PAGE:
Most companies operate on a set of policies: mandated vacation days, travel guidelines, standard work hours, annual goals. But what happens when a company looks less to control and more to trust?
In my 20 years of working with professionals, there are 3 things that consistently matter in making partner. Most people think that the only thing that matters is revenue targets but that is not the case. For most firms, revenue is only one part of the three-legged stool.
How you approach networking might be the key to your success at it.
Scenario #1: Arlene is a new Partner in a professional service firm. Being part of an evolving service line, her success so far was largely dependent on her technical expertise, client service excellence and ability to deliver high quality work on time.
I serve on the board of the International Coach Federation (ICF) Toronto Chapter. We held our annual coaching conference in February this year. The theme of the conference was ELEVATE.
As I sat through the conference of more than 200 coaches listening to our wonderful speakers, I reflected on the theme and what it means for leaders and coaches.
Strong leaders will place themselves at the helm and provide their people with the guidance they need to thrive through change, uncertainty, and an unpredictable future. As our way of looking out for the health and wellness of you and your team, we have put together several resources to assist you.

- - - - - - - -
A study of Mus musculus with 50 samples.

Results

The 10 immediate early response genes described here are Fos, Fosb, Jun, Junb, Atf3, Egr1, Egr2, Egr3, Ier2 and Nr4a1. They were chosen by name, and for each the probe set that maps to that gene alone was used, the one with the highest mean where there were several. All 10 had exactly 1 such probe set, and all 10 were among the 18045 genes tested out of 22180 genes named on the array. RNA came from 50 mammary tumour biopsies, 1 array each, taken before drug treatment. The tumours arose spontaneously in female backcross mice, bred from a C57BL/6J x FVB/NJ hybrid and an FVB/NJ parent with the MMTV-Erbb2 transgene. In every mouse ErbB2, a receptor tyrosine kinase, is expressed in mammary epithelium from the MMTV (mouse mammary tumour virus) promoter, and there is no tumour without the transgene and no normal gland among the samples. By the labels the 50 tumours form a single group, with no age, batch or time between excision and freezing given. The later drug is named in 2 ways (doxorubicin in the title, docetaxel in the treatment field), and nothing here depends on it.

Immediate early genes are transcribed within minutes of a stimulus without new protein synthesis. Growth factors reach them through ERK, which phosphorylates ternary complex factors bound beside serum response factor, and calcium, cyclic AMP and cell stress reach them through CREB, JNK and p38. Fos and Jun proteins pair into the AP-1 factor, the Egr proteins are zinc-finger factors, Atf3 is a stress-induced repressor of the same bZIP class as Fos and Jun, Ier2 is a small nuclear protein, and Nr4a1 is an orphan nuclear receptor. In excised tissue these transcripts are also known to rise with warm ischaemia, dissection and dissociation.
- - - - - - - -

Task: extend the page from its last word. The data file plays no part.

Leadership is tough no matter where you work. Let’s face it, work is a complex place and getting more complex every day. Expectations of leaders are high. Management literature has ensured that.
A great practice leader can have an exponential impact on a practice. I have watched many practice leaders in a few short years build a practice from just one partner to ten or fifteen partners.
I’ve been having a lot of conversations with clients lately about how to create a culture of trust. Here’s a four-part “test” to see how well you’re doing on that front.
The ever-increasing presence of knowledge workers (people who know more about what they are doing than their boss does) presents challenges to modern-day leaders that their counterparts in years gone by were not called to address.